PS 17-28 - Multi-decadal climate cycles and the dynamics of a Chihuahuan Desert ecosystem

Tuesday, August 9, 2011
Exhibit Hall 3, Austin Convention Center
S.K. Morgan Ernest, Department of Biology, Utah State University, Logan, UT, Thomas J. Valone, Department of Biology, Saint Louis University, St. Louis, MO and James H. Brown, Department of Biology, University of New Mexico, Albuquerque, NM

One of the greatest challenges facing ecology is understanding shifts in ecosystems that are being reported across the globe. However, understanding whether a particular shift in an ecosystem is the result of directional anthropogenic influences is complicated by the discovery of long-term climate cycles, such as the Pacific Decadal Oscillation (PDO), that fluctuate between alternative phases on decadal timescales. Because many currently operating long-term studies were implemented in the 1970s, 1980s, and 1990s, many of these studies have collected data only under one phase of these decadal-scale climate cycles, making it unclear whether the long-term trajectories documented in some ecosystems represent long-term lagged responses to large-scale shifts in climate due to naturally occurring climate cycles. The PDO, which shifted phases in 1977 and again in 1998, has a large impact on precipitation across the arid southwest United States. The shift in 1977 brought increased winter precipitation, whereas the new phase is expected to bring significant decreases in winter precipitation. Using data on plants and rodents, we examine the long-term dynamics of a well-studied desert ecosystem near Portal, AZ to understand how it has responded to the transitions in the PDO that occurred in 1977 and 1998.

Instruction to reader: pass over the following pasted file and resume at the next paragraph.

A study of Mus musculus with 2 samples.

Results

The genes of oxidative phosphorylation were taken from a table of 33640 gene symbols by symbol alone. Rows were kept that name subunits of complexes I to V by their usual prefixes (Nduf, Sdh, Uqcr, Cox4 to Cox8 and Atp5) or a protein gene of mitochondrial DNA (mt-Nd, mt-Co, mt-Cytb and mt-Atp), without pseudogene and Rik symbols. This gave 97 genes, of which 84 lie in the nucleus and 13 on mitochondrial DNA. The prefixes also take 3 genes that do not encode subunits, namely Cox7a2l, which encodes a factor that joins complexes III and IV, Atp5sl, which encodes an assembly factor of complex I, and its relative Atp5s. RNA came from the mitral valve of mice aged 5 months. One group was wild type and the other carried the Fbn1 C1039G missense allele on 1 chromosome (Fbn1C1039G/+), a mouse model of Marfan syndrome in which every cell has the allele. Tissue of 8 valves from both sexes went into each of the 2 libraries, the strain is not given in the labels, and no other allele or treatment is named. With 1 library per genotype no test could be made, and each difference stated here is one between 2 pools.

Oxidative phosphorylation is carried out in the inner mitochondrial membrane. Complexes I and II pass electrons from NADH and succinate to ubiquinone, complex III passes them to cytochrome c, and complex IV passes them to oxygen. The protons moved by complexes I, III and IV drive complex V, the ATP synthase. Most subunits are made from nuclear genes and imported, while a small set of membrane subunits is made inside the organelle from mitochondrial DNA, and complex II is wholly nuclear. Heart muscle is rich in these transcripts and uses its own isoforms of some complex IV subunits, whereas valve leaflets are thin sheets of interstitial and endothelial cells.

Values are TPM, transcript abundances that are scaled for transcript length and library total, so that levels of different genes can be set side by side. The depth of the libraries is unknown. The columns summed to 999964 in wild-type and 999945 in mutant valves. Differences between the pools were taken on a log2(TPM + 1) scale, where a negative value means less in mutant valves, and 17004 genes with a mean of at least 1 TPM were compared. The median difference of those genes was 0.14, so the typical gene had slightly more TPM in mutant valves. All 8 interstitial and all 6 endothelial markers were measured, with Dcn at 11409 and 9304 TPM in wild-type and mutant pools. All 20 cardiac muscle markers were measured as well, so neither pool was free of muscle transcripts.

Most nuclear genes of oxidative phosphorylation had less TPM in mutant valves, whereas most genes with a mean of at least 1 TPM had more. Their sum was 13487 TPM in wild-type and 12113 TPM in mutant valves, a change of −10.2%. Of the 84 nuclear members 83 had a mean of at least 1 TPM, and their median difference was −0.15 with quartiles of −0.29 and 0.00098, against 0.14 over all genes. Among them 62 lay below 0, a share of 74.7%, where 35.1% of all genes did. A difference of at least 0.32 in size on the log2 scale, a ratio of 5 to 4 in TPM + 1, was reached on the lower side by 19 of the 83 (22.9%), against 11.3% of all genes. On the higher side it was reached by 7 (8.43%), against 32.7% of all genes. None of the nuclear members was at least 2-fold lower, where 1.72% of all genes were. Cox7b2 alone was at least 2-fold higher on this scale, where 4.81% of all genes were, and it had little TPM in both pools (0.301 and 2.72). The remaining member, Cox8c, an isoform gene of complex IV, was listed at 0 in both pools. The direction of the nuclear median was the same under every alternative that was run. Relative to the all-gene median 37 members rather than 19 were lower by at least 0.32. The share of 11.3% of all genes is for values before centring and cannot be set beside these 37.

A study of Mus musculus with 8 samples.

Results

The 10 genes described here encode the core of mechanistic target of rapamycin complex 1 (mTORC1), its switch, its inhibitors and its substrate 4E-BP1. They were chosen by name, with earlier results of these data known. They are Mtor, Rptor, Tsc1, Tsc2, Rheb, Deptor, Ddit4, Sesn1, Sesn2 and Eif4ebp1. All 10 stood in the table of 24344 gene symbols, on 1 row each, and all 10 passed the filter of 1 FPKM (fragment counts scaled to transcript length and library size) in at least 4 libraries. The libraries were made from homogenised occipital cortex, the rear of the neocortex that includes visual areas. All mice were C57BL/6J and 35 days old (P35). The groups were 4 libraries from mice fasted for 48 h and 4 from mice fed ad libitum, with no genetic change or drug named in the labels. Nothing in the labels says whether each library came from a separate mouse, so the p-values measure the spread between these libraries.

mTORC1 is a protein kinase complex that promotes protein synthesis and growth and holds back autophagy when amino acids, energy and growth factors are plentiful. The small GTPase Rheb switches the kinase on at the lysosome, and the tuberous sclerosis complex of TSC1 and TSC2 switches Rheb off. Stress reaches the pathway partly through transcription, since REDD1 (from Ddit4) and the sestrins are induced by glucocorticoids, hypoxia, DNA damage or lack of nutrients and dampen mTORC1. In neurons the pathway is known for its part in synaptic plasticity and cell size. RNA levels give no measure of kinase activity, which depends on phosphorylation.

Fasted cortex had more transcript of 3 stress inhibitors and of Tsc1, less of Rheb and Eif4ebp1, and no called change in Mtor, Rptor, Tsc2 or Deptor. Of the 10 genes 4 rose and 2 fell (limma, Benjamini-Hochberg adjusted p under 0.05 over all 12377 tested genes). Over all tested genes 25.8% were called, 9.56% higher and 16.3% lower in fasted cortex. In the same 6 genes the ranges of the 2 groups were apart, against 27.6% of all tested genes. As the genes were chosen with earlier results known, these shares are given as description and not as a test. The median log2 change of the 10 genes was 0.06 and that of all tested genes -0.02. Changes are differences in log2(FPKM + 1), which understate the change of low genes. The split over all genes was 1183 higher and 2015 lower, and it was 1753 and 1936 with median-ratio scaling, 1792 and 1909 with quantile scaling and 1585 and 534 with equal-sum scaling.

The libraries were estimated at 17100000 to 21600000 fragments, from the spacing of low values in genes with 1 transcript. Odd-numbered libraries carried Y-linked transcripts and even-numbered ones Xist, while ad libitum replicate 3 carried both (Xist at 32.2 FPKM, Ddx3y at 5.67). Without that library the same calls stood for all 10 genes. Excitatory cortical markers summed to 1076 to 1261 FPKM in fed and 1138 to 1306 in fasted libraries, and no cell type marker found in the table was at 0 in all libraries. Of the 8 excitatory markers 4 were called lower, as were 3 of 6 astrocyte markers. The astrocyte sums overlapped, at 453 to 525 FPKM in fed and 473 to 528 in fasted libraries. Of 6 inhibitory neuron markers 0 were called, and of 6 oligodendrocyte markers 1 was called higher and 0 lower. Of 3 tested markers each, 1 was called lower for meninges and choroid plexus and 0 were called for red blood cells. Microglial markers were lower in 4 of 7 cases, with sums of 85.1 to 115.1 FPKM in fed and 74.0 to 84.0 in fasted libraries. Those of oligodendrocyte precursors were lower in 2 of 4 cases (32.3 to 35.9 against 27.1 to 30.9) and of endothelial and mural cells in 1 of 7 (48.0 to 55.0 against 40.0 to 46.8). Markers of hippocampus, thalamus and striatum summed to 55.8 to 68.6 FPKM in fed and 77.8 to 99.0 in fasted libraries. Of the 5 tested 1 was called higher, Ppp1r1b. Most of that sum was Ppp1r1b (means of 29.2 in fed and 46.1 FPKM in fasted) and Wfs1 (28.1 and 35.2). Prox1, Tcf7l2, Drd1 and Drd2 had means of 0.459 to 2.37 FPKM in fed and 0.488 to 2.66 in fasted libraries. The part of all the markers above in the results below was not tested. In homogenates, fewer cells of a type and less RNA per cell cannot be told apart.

From 1977 to 1998, many aspects of this desert ecosystem exhibited responses consistent with increased winter precipitation: higher abundance of annual plants in the winter vs. summer communities, a three-fold increase in shrub cover, and a major reorganization of the rodent community caused by the loss of grassland species and increases in shrubland species. As expected from the 1998 phase shift in the PDO, precipitation across the region has decreased. Since 1998, the Palmer Hydrological Drought Index for 10 of 12 years has indicated drought for the state of Arizona. As expected from this decline in precipitation, there are indications of a major reorganization. We document declines in the abundance of shallow-rooted shrubs, increased relative abundance of the summer annual community, declines in total rodent abundance, and in the relative abundance of rodent species that were dominant prior to the 1998 shift in the PDO (e.g., Bailey’s pocket mouse). However, other aspects of the ecosystem, such as the species richness and relative abundance distribution of the rodent community appear to be fairly resilient. While additional years of data are needed, early indications are consistent with predictions that long-term changes at this site have been generated by lagged responses to a multi-decadal climate cycle.